GIBBON — Snuggled in the middle of a new strip mall along Highway 30 in Gibbon, customers might expect the Lucky Duck to be a typical small-town bar. But owner Trevor Reeder of Shelton made sure his business would provide an experience customers wouldn’t forget.

The dark wood floors, bar top and tables gleam under the modern light fixtures. The shimmery backsplash behind the bar highlights the array of alcoholic beverages. Plush leather couches and chairs are arranged against the walls for more comfortable seating options. A staircase leads up to a loft where customers may play a game of pool.

The east side of the bar is the Drake Room featuring a stage for bands or karaoke. Lined with long tables, it often is rented for private parties and events. Reeder carefully chose each item in the Lucky Duck, from the massive image of a forest in the Drake Room to framed rock albums.

Reeder, who has been in the bar business for almost 14 years, was interested in transforming an old building in Gibbon into a bar.

“There was an old building that sat here on the corner. A friend of mine owned it, him and his dad. They were tearing it down, and I didn’t realize they were going to do that because I thought, ‘Wow, that would be a neat old building to put a bar in,’” he said.

The site’s owner, Kyle Bond, intended to construct a new building, and they needed an anchor business in the strip mall. Bond asked Reeder if he’d be interested in having his bar there.

“I kind of wanted the creativity to do what I wanted with it. They were like, ‘Well, you can do pretty much whatever you want.’ Which is what I was looking for in starting a new bar is setting it up the way I wanted it set up,” Reeder said.

Reeder drew out sketches of what he wanted in his bar, and his dad, Brian, would bring it to life.

“My dad was a huge, huge help,” Reeder said. “I’d come up with the ideas and not necessarily know how to do it, and my dad can do a little bit of everything.”

Kyle’s father, Dwight, had saved wood from walnut trees that had been cut down in Gibbon when the overpass was built in town. Those pieces of wood were transformed into the Lucky Duck’s bar. The baseboard and trim around the doors in the bar are from Gibbon’s old schoolhouse that had been torn down. Dwight had saved the wood and let Reeder use it.

“I like to bring the old in with the new and kind of mix it all together,” Reeder said.

Reeder didn’t have a theme when he was planning the bar; he wanted it to be different and a getaway for his customers.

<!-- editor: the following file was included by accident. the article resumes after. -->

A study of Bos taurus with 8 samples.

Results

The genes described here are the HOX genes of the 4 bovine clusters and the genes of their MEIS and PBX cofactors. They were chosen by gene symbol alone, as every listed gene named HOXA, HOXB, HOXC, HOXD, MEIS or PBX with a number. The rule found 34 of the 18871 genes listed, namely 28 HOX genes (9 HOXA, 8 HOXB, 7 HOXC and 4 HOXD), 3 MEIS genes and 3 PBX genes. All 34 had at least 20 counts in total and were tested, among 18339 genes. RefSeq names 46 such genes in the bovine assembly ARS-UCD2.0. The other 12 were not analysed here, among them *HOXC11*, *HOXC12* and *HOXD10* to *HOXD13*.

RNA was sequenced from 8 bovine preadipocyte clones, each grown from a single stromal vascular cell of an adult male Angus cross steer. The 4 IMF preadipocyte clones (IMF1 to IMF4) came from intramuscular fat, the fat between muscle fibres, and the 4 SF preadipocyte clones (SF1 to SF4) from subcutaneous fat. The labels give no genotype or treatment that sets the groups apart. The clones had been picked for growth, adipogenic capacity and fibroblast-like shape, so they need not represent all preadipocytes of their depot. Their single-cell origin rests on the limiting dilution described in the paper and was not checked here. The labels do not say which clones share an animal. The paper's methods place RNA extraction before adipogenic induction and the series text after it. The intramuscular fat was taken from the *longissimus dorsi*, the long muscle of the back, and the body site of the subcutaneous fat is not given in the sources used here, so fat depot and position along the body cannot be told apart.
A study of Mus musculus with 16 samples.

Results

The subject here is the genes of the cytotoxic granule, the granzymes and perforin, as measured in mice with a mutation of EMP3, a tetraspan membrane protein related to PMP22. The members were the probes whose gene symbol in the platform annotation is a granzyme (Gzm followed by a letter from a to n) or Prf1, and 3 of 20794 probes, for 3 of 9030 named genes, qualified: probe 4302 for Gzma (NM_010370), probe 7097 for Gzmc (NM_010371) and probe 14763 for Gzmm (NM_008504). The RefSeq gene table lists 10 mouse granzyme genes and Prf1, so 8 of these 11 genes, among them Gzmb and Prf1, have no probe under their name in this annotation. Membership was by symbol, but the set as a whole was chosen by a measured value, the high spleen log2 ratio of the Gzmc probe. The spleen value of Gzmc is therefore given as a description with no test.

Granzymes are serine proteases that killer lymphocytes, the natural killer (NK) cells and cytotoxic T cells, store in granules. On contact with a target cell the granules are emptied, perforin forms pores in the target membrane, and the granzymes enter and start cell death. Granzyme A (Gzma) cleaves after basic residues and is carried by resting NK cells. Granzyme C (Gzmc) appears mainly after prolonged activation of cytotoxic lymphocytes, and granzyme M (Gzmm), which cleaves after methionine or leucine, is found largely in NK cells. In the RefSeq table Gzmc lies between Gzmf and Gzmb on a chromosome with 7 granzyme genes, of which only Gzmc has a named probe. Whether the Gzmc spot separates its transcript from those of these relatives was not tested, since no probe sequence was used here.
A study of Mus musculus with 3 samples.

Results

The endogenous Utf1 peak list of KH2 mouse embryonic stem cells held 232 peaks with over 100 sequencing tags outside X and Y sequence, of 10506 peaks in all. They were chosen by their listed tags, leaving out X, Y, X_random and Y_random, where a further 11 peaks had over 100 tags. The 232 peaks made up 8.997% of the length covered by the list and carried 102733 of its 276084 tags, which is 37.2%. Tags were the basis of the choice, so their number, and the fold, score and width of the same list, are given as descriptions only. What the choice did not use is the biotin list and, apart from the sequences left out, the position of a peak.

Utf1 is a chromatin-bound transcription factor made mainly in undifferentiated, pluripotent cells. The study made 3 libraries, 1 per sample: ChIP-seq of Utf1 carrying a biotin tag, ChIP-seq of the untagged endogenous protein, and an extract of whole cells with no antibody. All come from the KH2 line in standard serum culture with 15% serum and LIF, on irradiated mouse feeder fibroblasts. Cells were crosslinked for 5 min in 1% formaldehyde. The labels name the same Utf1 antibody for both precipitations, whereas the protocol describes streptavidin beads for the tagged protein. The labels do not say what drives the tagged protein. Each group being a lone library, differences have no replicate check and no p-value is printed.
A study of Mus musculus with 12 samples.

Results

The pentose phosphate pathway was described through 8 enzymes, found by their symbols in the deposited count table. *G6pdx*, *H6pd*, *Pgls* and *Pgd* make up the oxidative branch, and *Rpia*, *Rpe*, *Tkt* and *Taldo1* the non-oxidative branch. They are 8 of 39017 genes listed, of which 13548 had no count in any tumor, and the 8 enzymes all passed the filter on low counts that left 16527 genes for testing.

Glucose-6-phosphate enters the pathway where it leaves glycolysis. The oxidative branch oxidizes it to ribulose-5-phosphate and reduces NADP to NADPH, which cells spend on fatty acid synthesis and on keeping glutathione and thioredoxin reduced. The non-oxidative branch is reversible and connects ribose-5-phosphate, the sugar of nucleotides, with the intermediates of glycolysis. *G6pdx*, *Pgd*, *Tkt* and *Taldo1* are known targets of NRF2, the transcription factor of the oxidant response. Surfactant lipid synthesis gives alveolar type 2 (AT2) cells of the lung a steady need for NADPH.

“When you walk in, and I hear this all the time from people, ‘Wow, I wasn’t expecting this. This is great,’” he said. “It’s something really different you don’t see in a lot of small towns or anywhere really.”

Reeder had a list of more than 100 names for the bar, and he narrowed it down to about 25. When he would tell people his ideas, they would smile when he would say Lucky Duck. He knew it was the right name for the bar.

The Lucky Duck opened in August 2018, and business continues to grow. Customers travel from Kearney, Shelton, Minden and Ravenna to the bar and lounge.

“Gibbon has been so supportive with everything from the very beginning. It was kind of overwhelming in a good way,” Reeder said. “It’s a draw. People come from out of town to come here. It’s nice. It’s right on the highway. It’s easy to get to.”

The bar and lounge does not have food, but people are welcome to bring in their own. Reeder was able to get approval from the city to have keno in the bar, and customers may play pool, shuffleboard or darts.

Only seven months after opening, the Lucky Duck was a victim of the March 2019 flood. Reeder didn’t realize how bad the flooding in Gibbon was until he witnessed the floodwaters surrounding his bar.

“I was on the other side of the tracks looking over to see what was going on and it just looked like a lake over here. (It was hard) not having any idea what was being ruined,” he said.

There was no major damage done to the building during the March and July floods last year, but it did require a lot of labor to clean up the water and mud and to dry everything out to prevent mold. Volunteers showed up in droves to help Reeder mop, scrub and move things.

“Especially the fire department here is excellent. They stepped up beyond what I ever expected,” he said. “I had a handful of friends and family that were helping, and all of a sudden all these vehicles pull up, and there is like 40-plus people — it’s the fire department. They are here to help. That just gave me goosebumps again thinking about it.”

Reeder had to close down for four to five days during both floods, and before he knew the extent of the damage, he feared it would be the end of Lucky Duck.

“Especially the first time around not knowing what was happening in here. Was the whole thing ruined? I thought maybe it was over. We had just opened up the August before so we were less than a year in. It was heartbreaking and hard to sleep,” he said. “Not knowing if everything you worked for was gone, but I was a Lucky Duck.”